Dave Coombs Sr. was a racer, entertainer and businessman who pioneered the organization and promotion of AMA motocross and off-road racing series. He developed High Point Raceway, Steel City Raceway, and the Loretta Lynn AMA Amateur Nationals, and is regarded as a founder of Arenacross and the National Promoters Group (NPG).
Coombs grew up on a farm on the outskirts of Morgantown, W.Va. In school he was both an athlete and musician. He co-founded a band called J.B. and the Bonnevilles in 1965. The Bonnevilles were a popular regional band, and played clubs on the Jersey Shore.
Coombs’ first bike was a Triumph Bonneville, and when he saw the movie, “On Any Sunday,” he knew he wanted to race motocross.
“Two days after he saw the movie, he went to the nearest motocross track, called Lazelle Union,” said his son, Dave “Davey” Coombs Jr. “He sold his Bonneville and bought a coffin-tank Maico the next week.”
Coombs immediately thought of ways to make the races better, and before long he talked the farmer who owned Lazelle Union into letting him run the races.
In 1973, Coombs hosted an AMA regional event at the newly built Appalachia Lake circuit in Bruceton Mills, W.Va. Things went so well that he felt confident enough to hold an AMA National motocross event at the track the next year.
“The Nationals were only two years old at the time,” Coombs Jr. said. “So getting a National wasn't that hard. My dad really wanted to be a racer, but he'd torn up his knee really bad in ’73, and he realized that he was too old to be a professional rider. But he was doing well as a promoter, so his life's calling was set. He hung up his guitar and became a full-time race promoter.”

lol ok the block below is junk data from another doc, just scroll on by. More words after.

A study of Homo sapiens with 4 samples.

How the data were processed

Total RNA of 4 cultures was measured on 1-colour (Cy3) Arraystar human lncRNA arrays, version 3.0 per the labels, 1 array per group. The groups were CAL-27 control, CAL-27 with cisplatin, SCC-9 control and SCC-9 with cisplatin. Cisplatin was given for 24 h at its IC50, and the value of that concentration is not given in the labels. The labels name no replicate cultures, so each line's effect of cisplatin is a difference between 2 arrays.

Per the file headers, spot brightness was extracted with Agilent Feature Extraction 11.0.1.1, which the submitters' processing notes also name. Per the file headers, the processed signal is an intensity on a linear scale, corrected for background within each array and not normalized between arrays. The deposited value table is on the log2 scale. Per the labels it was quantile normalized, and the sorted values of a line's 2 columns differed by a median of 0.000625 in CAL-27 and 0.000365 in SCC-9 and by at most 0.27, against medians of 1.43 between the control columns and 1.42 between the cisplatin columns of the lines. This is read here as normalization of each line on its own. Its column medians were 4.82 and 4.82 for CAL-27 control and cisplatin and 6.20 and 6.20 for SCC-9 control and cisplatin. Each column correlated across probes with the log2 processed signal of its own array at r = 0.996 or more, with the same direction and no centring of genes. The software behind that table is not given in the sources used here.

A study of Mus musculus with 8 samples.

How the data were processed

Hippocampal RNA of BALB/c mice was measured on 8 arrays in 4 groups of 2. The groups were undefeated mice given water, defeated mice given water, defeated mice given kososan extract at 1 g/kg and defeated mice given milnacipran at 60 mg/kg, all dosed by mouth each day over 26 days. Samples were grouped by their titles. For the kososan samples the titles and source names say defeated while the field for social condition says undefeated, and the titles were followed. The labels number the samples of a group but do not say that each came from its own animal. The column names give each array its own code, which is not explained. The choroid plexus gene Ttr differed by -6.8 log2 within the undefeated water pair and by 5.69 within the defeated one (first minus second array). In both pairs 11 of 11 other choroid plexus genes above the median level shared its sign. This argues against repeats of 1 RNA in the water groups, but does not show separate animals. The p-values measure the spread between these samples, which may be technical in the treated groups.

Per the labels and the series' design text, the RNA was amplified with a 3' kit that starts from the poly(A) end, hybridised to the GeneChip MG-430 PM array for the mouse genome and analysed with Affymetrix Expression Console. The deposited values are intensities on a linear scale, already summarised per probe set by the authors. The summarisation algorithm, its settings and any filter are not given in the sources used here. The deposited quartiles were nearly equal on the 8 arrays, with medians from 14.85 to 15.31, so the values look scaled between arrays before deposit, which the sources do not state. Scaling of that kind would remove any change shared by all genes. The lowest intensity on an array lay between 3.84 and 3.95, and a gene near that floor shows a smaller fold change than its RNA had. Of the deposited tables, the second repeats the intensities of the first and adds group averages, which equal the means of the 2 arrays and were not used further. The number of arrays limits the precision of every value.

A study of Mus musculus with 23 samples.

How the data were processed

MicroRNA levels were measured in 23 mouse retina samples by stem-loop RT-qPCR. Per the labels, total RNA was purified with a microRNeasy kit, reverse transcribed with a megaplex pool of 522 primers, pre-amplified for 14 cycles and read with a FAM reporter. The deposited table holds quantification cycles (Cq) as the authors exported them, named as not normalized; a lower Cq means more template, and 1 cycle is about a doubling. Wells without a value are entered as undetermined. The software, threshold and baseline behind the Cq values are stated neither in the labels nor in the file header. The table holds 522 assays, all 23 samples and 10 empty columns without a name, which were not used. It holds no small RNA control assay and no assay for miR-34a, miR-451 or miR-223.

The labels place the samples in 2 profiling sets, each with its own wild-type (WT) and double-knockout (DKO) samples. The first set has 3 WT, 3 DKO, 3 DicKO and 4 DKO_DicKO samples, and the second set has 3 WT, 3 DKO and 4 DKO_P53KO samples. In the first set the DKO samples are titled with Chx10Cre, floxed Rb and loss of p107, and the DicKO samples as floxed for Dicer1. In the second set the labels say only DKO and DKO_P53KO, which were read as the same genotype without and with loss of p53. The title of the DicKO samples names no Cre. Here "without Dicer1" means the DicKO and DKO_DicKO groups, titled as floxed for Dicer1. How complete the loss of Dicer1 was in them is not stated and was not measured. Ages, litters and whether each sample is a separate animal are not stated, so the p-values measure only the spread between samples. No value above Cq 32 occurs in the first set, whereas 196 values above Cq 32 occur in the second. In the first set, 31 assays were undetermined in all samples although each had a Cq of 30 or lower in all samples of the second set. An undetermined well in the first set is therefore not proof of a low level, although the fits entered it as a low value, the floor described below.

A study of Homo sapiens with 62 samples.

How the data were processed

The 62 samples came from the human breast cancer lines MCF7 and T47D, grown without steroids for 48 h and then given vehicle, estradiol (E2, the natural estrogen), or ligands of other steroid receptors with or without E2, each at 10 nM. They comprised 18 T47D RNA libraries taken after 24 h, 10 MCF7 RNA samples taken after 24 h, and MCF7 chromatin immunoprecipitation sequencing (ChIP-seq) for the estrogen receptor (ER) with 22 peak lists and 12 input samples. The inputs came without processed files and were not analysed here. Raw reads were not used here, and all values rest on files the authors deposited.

Not only was he trying to support a family and get his fledging business off the ground, Coombs had three children who raced and he was trying to pay for that as well. Sons Davey and Tim both became successful racers who won national titles as amateurs.
Coombs started the Blackwater 100 in 1975, and it rapidly became one of the legendary off-road races of all time.
“Dad considered that event his masterpiece,” Coombs Jr. said. “The outgrowth of the Blackwater was the Grand National Cross Country National Series, which by the 1990s became the most prestigious off-road racing championship in America.”
Perhaps the thing that made Coombs a leader among the nation's promoters was the fact that he was a visionary.
“My dad had the idea of having an annual unified amateur national motocross championship on a neutral site. By 1982 that vision became a reality with Loretta Lynn's,” Coombs Jr. said of what would eventually become the most prestigious amateur motocross championship in the country.
One key to Coombs' success was that he treated all the riders well, be they factory No. 1 riders or triple-digit weekend warriors.
“It was an even playing field, and every rider got a championship experience,” Coombs Jr. said. “He also liked to work with his fellow promoters to help them be successful. He thought that was the way to make racing grow. Those were the building blocks to the NPG.”
Under Coombs’ guidance and with hard work from the Coombs family, the High Point and Steel City Nationals grew to be two of the premier events of the AMA Motocross National Championship. His wife, Rita, and daughter, Carrie Jo (who is an attorney), became prominent members of the NPG. Davey also points out how important his mom was in the success of the family's ventures.
“Mom was always right there, deeply involved,” Coombs Jr. says. “Dad was the thinker, the idea guy if you will, and mom was the manager. She put it all together. She was fully committed to Dad's vision from day one.”
Dave and Rita Coombs shared the AMA Dud Perkins Lifetime Achievement Award in 1994. The award is given to acknowledge the highest level of service to the AMA in any activity.
“Big Dave” passed away in 1998, but his family continues to actively promote the sport. Today the annual AMA East/West Supercross Lites Shootout is named in his honor.
Dave Coombs Sr. was inducted into the Motorcycle Hall of Fame in 2000.
This biography contains excerpts from “The Patriarch,” written by Larry Lawrence and published in Cycle News. Used with permission.